ST. MICHAELS — It’s still dark outside when Guy Spurry and his 19-year-old son Austin begin their day.
Beneath the darkness of the November sky, the two men drive past the Eastern Shore fishing village of Neavitt, and pull up to a dock where Guy Spurry’s 31-year-old boat, Voyager, rocks back and forth gently against the salty waves.
Watermen have been harvesting the seafood enjoyed by Marylanders for centuries. But only time will tell how long the tradition will last.
“It’s hard enough to make it as a waterman these days, given the fact that so many of the things that they’re harvesting — like crabs — the numbers are declining,” said Kate Livie, director of education at the Chesapeake Bay Maritime Museum at St. Michaels.
The Spurry father-and-son duo hop on their boat and cruise away from the wharf as orange and pink emerges above the darkness of the skyline. When the bright autumn trees dotting the shoreline grow distant, the boat slows to a halt. The men release a power dredge into the water, pulling up a metal net full of oysters.
“Right now we’re doing great. We’re catching our limit,” Guy Spurry said.
Power dredging, a method used to harvest oysters, has been permitted in Broad Creek, an Eastern Shore tributary of the Choptank River, since 2003. The method involves using a dredge to scrape the shellfish up from oyster bars. It’s a more efficient alternative to the labor-intensive, hand-tonging method.
The men cull through their catch, pushing small oysters into a large pile that will be thrown back into the brackish water. Oysters measuring three inches or greater are good for the taking. They’re dropped into an orange bushel basket.
This is Austin Spurry’s first year working as a full-time waterman. He’s learning the ropes from his father, Guy Spurry, he said.
Guy Spurry quit school at 16 to go oystering with his own father, he said. His 72-year-old father, Joe Spurry Sr., owns the seafood distribution company, Bay Hundred Seafood, and the Chesapeake Landing restaurant in St. Michaels.
“I went with him probably when I was 14 in the summertime, and I knew what I was going to do,” Guy Spurry said. “It was good back then and it’s good now. We’ve had some ups and downs just like any job,” he said. “But to be successful you’ve got to take the good with the bad.”
The history of watermen is rooted in Maryland culture, said Kelley Phillips Cox, president of the Phillips Wharf Environmental Center in Tilghman.
“It’s been part of our heritage since the 1600s. It’s a very important culture we’re losing here in Maryland,” Cox said.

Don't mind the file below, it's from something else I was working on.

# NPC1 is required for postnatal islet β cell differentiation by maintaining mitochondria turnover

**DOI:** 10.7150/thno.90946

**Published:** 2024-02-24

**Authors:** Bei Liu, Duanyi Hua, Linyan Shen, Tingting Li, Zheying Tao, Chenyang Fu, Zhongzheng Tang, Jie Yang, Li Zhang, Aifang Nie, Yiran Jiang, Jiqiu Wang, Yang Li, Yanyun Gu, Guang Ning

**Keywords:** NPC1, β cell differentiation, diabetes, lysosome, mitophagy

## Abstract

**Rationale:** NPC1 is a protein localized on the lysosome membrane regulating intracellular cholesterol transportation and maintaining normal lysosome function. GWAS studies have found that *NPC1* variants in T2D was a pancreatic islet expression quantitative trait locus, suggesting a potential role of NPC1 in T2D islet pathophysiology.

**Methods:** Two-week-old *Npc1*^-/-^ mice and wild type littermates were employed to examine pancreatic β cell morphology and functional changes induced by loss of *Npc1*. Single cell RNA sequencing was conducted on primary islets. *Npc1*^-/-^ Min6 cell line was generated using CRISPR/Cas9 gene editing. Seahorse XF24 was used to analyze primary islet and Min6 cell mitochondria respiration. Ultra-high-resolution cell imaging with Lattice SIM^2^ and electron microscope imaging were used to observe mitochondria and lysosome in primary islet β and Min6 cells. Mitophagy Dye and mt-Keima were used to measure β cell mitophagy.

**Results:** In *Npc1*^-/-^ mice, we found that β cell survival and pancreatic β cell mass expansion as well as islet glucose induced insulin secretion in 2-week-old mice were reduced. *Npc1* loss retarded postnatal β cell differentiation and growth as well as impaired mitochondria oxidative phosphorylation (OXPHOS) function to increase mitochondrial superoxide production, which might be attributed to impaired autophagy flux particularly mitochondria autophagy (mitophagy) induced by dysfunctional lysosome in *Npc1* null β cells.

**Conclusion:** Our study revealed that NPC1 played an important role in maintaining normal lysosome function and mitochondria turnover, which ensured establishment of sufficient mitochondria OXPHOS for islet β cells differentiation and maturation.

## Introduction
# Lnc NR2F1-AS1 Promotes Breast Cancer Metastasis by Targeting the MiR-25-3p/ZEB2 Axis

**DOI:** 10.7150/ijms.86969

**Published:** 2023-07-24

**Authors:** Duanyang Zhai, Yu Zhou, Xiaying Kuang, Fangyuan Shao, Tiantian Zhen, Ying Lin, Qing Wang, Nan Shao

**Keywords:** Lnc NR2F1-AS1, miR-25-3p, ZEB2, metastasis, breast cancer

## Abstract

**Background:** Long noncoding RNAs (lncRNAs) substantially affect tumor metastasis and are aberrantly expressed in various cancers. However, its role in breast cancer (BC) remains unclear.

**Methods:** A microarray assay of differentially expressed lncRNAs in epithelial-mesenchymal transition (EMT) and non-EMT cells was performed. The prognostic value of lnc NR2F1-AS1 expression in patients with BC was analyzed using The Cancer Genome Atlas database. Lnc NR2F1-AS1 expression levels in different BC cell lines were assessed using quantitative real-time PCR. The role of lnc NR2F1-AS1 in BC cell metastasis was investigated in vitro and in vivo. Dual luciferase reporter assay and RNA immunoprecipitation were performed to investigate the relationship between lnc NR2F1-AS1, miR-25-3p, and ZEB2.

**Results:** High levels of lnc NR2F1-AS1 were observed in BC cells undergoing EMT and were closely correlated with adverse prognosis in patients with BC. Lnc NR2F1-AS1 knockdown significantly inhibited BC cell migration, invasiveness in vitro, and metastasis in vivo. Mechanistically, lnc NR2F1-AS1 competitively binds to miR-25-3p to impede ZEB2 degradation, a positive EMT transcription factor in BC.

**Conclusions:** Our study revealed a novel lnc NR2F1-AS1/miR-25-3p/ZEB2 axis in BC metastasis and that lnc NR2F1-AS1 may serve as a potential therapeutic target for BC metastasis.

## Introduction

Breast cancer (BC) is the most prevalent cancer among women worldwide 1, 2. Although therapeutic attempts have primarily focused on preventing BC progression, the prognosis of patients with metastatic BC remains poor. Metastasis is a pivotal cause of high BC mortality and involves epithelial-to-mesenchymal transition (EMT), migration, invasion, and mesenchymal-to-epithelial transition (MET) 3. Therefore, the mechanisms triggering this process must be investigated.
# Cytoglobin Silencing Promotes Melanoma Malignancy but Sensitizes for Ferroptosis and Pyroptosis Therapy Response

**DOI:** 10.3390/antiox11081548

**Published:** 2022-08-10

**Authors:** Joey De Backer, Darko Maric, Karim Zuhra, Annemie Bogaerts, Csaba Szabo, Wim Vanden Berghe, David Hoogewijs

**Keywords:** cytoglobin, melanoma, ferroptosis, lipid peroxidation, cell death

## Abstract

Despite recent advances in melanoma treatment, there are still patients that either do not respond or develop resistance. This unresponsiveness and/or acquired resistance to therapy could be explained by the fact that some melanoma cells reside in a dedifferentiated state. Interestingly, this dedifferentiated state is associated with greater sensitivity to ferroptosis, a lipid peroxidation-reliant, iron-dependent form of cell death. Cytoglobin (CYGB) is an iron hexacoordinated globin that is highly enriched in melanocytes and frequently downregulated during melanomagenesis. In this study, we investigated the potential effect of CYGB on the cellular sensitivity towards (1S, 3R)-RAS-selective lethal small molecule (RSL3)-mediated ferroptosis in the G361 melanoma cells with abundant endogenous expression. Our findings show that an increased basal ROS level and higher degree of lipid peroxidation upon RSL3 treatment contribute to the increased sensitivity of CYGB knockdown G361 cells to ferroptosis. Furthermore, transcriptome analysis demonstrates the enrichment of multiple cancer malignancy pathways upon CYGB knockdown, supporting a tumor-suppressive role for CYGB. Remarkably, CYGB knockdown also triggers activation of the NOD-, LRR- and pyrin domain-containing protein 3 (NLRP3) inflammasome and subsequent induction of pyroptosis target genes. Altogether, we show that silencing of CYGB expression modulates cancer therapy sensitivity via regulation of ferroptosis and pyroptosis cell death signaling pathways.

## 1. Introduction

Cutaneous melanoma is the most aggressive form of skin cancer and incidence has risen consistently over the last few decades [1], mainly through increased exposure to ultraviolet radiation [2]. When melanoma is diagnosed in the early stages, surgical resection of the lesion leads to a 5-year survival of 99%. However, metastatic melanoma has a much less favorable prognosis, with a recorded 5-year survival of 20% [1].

Cox is a marine biologist who comes from a long line of watermen. Her family has been on the Eastern Shore since 1634, she said.
Cox works on trying to keep the Chesapeake Bay clean, most importantly for the watermen who provide food to the region’s inhabitants, she said.
“I think it’s getting better,” especially over the past five years, she said. “What’s happened is we finally bottomed out on disease. What’s going to die from diseases is pretty much dead. It’s kind of like natural selection. The oysters are now reproducing and they have a little more disease resistance.”
Dermo and MSX, parasitic organisms that can infect an oyster and lead to its death, are diseases that have plagued the oyster population in the Chesapeake Bay for years, according to Eric Weissberger, an environmental specialist with the Maryland Department of the Environment’s Fishery Service.
Watermen say increased regulations and the establishment of oyster sanctuaries have strained them financially.
Talbot County watermen were forced to stop harvesting in Harris Creek, when the area was closed in 2010 and turned into an oyster sanctuary.
“By protecting some areas, we hope to rebuild the population. Sanctuaries are necessary to protect the broodstock of the oyster population,” Weissberger said.
But Harris Creek was a productive area for oyster harvesting.
“Harris Creek was one of our main [oyster] tonging areas. So now we’re just corralled into a small area in Broad Creek,” said Lisa Gowe, treasurer and event coordinator for the Talbot County Watermen’s Association. Gowe’s husband, John, is a fifth-generation waterman who has been harvesting seafood since the age of 15.
According to Phillips, the oyster sanctuaries are necessary to improve the water, but she disagrees with the amount of sanctuaries across the state.
“The biggest problem I have with it, is that the state is not allowing the watermen to even cultivate it. … As far as Harris Creek goes, we’ve just closed it and we’re not allowing anything to happen to it,” she said.
Phillips explained that a layer of sediment covers the oyster reefs when left untouched. The oysters eventually die when covered by the sediment, she said.
Power dredging the bottom, cultivates the oysters and removes the layer of sediment that forms over the oysters. It’s kind of like cultivating a field, said Mick Blackistone, executive director of the Maryland Watermen’s Association.
“There are too many people that think it doesn’t help, and it does. We’re proven that it does,” Blackistone said.
The watermen wish regulators and scientists would listen to them, Blackistone said.
Livie, of the Chesapeake Bay Maritime Museum, said the division among watermen, the Maryland Department of Natural Resources, and some of the environmental groups has been a longstanding one. It goes back to the late 19th and early 20th centuries when the first major crash in the oyster harvest occurred, she said.
Despite the regulations, watermen like Guy and Austin Spurry will continue doing the work their fathers did before them.
“I try to get along with everybody. I don’t have nothing against them but some of their theories are wrong. And watermen’s theories are wrong too, sometimes. You know, it’s just the way it is,” Guy Spurry said.